Techniques and methods of proof used in mathematics and computer science. Logical reasoning, mathematical induction, relations, functions. Applications to group theory or real analysis. A significant focus of this course is developing proof writing skills, which are central to the transition to higher mathematics. This course partially satisfies the upper-level writing requirement in mathematics.
How to Prove It, A Structured Approach, 2nd edition
by Daniel J. Velleman
- John Doyle
Class times: MW 12:30-1:45 in Gavett 310
Office: Hylan 1019
- Office Hours: Tuesday 10-11:30 a.m.; Thursday 1-2:30 p.m.
- Email: email@example.com
- Kalyani Madhu
Class times: MWF 10:25-11:15 in Harkness 210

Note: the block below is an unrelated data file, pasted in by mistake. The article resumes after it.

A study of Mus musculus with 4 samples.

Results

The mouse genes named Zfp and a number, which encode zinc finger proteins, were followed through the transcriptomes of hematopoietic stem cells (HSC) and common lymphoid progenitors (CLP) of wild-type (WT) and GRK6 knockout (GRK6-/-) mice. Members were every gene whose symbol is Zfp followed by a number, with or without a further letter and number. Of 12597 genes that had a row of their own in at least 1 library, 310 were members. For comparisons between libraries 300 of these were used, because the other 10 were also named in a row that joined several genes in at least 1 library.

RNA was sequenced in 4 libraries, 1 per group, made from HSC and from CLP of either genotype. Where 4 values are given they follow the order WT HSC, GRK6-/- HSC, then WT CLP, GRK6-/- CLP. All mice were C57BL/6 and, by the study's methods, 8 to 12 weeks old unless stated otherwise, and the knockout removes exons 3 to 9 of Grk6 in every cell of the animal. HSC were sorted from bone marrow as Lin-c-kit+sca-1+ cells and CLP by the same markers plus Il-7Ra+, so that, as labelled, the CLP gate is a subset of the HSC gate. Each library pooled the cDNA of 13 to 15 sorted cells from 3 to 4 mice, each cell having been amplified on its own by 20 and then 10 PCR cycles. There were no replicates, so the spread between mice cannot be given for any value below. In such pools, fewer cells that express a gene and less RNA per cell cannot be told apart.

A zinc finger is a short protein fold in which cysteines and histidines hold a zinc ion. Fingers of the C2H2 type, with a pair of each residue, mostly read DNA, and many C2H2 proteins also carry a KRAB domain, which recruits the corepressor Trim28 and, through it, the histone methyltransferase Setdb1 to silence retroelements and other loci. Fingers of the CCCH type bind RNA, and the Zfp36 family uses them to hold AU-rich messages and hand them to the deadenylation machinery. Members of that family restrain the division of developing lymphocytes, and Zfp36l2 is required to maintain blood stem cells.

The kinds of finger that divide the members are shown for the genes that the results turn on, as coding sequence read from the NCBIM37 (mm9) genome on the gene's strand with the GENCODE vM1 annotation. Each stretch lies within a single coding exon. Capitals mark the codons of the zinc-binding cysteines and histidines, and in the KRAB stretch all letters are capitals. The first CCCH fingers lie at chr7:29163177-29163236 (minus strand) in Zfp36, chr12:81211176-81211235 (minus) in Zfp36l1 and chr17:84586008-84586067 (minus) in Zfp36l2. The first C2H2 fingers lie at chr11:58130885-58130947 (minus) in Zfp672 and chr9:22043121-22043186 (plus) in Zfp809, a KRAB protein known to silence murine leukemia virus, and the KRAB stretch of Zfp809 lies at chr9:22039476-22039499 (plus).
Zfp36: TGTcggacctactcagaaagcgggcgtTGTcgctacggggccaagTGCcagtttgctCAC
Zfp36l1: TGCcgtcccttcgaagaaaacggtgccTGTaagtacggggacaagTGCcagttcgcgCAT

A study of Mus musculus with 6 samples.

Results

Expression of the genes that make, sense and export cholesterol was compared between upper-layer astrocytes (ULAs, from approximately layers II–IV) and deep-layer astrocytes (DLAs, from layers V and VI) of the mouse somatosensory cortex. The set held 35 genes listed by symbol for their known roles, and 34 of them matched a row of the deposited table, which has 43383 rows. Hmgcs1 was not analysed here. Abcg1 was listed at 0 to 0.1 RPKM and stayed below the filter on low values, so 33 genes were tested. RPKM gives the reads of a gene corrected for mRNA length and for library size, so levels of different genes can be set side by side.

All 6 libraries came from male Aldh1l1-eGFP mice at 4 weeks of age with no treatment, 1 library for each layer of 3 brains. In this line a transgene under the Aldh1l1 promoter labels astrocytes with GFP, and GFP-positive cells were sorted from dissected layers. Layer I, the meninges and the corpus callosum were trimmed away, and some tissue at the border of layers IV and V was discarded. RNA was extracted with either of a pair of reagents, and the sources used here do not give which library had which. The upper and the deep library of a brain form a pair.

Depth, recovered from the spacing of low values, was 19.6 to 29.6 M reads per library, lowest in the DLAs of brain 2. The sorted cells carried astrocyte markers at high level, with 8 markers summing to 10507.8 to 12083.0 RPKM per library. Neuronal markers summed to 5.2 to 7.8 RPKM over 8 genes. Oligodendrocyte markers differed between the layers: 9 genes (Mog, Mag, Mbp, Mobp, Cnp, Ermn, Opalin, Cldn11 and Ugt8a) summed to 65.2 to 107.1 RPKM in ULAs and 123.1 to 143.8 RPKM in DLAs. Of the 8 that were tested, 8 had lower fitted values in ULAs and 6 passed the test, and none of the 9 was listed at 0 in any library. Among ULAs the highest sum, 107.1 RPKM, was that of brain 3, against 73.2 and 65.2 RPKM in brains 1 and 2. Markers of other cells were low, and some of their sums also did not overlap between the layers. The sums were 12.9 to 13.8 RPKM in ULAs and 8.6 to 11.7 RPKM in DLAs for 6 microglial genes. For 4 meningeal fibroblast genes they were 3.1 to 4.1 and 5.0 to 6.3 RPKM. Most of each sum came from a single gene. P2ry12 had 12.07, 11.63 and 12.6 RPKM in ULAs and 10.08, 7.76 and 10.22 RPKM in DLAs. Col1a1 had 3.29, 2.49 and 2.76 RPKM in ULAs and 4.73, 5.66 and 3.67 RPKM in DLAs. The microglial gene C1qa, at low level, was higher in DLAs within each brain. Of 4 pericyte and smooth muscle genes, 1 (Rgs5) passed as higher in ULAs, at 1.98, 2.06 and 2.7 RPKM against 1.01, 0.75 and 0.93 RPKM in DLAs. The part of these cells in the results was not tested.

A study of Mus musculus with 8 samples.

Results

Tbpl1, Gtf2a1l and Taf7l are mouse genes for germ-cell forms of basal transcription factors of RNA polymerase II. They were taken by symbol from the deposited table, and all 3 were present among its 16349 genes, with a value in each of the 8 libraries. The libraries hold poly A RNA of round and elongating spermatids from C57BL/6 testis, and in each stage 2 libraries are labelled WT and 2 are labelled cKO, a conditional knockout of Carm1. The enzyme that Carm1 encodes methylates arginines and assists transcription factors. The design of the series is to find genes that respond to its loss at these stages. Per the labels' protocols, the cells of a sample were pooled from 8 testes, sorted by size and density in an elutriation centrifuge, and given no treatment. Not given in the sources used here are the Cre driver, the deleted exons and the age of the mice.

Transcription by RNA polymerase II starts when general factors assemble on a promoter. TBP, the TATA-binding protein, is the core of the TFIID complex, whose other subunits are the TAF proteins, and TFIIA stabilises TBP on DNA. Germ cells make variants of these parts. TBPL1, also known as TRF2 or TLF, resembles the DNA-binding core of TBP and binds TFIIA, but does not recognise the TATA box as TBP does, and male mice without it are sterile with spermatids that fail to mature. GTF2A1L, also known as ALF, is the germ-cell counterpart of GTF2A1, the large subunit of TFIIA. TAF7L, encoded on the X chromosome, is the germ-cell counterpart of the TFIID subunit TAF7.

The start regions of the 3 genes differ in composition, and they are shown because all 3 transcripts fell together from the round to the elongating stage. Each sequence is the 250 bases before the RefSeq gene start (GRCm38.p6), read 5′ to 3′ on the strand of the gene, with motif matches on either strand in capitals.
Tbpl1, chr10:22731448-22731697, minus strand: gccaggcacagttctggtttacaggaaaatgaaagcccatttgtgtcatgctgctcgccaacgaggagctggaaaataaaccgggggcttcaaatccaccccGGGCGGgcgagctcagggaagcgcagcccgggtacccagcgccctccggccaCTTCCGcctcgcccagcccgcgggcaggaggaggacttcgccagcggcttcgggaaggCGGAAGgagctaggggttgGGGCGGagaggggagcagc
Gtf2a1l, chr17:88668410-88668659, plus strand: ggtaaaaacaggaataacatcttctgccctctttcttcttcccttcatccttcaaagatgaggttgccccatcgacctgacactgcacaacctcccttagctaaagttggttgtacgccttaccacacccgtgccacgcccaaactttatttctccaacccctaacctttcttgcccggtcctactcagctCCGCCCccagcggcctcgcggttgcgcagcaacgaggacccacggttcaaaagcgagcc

Office: Hylan 815
- Office Hours: Tuesday 1:30-3 p.m.
- Email: firstname.lastname@example.org
- Siegfred Baluyot
Office hours: Mondays, 3:30-4:30, Hylan 710
All assignments and activities associated with this course must be performed in accordance with the University of Rochester’s Academic Honesty Policy. More information is available here.
You are encouraged to work on your homework in small groups. However, each person must write up the homework alone for submission. You may share ideas, but you may not check each others’ written work or copy any part of it. If you work collaboratively, you must list the people with whom you worked at the top of your homework.
You may consult each other, the instructors, the TAs, the text book, and other books, but you may not consult the internet.
The paper prompts will be specific about the level of collaboration that is permitted for each topic.
You must carefully cite all external sources used in the creation of your paper using the bibliography standards we will develop in class. All written work must be your own. All direct quotes must be cited.
No notes or electronic devices of any kind will be permitted at exams.